Former England all-rounder Basil D'Oliveira has died at the age of 80.

Born in South Africa, D'Oliveira moved to England in 1960 due to the lack of opportunities for non-White players.

In 1968 he was named in England's squad to tour South Africa which was then cancelled as South Africa's government refused to accept his presence.

D'Oliveira played county cricket for Worcestershire between 1964-80 and represented England in 44 Tests, scoring 2484 runs at an average of 40.

Cricket South Africa chief executive Gerald Majola led the tributes to D'Oliveira, saying: "He was a man of true dignity and a wonderful role model as somebody who overcame the most extreme prejudices and circumstances to take his rightful place on the world stage.

"The fact that he could have a Test career batting average of 40 in 44 Tests and an economy rate of less than two with the ball on his way to 47 wickets was remarkable considering he was past his prime when he made his debut for England in his mid-30s.

"One can only imagine what he might have achieved had he made his debut as he should have done at the age of 20 on South Africa's tour of England in 1951.

"I would like to pay tribute also to all those people in England, notably John Arlott, one of the greatest cricket radio commentators of all time, for the roles they played in making it possible for Basil to achieve his dream of playing international cricket for his adopted country.

"The circumstances surrounding his being prevented from touring the country of his birth with England in 1968 led directly to the intensification of opposition to apartheid around the world and contributed materially to the sports boycott that turned out to be an Achilles heel of the apartheid government.

"Throughout this shameful period in South Africa's sporting history, Basil displayed a human dignity that earned him worldwide respect and admiration.

"His memory and inspiration will live on among all of us. On behalf of the CSA family I would like to convey our sympathies to his family and salute them on a life well lived."

Sad news but good innings and all that.


My dad used to play back yard cricket with D'Oliveira as a kid in Cape Town. If I can be allowed a generalisation, the "Cape Coloureds" tend to be absolutely delightful people, and everyone got along pretty well in the Cape. Then the Afrikaner Nationalist (apartheid) government got stuck in and moved the "Cape Coloureds" out of the nicest parts of Cape Town (Couldn't have people with different skin colours all mingling together now, could we?). To this day there are perfectly respectable English-colonial families living in houses expropriated from perfectly respectable "Coloured" families in the name of apartheid, and a lot of them don't even know it because they paid the market price for their house.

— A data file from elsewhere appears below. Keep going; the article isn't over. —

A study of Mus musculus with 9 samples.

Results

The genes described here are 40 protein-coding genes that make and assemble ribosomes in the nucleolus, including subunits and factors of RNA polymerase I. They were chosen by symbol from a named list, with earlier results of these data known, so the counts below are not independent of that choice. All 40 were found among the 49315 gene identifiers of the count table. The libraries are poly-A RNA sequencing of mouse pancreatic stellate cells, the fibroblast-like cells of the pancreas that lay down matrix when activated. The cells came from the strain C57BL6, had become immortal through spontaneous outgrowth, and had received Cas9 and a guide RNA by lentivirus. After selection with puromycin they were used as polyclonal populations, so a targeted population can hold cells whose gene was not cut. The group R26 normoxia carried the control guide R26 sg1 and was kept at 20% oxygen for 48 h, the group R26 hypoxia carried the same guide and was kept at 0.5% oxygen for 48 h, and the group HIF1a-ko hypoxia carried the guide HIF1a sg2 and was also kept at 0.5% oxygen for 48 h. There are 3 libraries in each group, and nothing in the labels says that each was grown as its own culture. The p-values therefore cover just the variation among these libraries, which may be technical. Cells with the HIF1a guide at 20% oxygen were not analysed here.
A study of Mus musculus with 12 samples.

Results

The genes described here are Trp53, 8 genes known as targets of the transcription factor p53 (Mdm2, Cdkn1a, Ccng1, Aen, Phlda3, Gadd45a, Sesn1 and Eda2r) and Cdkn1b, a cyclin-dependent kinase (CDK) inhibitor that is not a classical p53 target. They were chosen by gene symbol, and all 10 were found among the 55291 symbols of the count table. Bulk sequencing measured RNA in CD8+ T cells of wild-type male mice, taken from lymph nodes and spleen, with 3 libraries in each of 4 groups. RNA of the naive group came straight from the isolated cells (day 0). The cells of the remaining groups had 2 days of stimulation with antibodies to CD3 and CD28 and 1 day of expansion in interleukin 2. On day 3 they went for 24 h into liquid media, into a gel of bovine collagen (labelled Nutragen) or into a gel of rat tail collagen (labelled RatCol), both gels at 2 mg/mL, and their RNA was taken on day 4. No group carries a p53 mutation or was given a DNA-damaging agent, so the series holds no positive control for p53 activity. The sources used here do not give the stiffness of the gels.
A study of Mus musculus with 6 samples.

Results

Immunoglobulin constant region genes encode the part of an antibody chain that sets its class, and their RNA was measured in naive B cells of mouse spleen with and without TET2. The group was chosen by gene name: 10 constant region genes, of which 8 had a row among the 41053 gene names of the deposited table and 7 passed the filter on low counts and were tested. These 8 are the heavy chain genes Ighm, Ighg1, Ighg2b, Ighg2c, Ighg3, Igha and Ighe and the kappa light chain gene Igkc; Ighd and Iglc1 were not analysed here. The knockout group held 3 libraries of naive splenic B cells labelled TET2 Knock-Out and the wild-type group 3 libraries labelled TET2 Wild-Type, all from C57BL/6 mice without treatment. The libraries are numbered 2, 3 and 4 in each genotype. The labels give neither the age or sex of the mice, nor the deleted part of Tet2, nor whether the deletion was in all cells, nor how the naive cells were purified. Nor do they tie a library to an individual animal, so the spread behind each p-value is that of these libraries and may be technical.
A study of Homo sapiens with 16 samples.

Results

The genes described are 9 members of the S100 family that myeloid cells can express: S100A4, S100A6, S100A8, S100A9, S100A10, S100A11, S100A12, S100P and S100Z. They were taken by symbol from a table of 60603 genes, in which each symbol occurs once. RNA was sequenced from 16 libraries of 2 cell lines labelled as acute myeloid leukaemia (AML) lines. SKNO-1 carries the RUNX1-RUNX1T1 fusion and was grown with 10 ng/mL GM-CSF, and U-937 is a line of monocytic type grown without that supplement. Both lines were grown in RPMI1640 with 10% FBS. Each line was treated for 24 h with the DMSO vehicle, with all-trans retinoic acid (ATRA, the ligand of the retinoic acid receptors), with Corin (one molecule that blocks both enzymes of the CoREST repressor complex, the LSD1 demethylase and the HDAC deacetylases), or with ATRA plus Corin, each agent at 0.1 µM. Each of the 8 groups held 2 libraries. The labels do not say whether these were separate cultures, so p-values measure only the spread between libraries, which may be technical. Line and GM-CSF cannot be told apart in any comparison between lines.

The 1960's was the period where the inbred fuckhead Afrikaner National Party went from being racist idiots (like much of the rest of the world at the time), to being pigheaded flagbearers of racist idiocy, while the rest of the world began to change. Vorster, the prime minister who banned him from touring SA had been in the Ossewa Brandwag (which translates as Oxwagon Firewatch) - during the Second World War. English-colonials and moderate Afrikaners volunteered in large numbers to fight for the Allies, whereas the O.B. were dedicated to sabotaging the South African war effort on behalf of the Nazis. Incidentally a couple of Vorster's fellow party members and successors/predecessors as PM were also in the O.B. What a happy bunch they were.

Thinking about how **** up it all was is just utterly frustrating and depressing. I like to think that if SA had been ruled with a little intelligence and humanity, apartheid could have been quietly set aside as a bad idea, D'Oliveira could have been part of a stronger SA cricket team, and the whole country could have started to move forward in 1960, rather than 1990. Instead, SA is still paying for it to this day. Great place, though!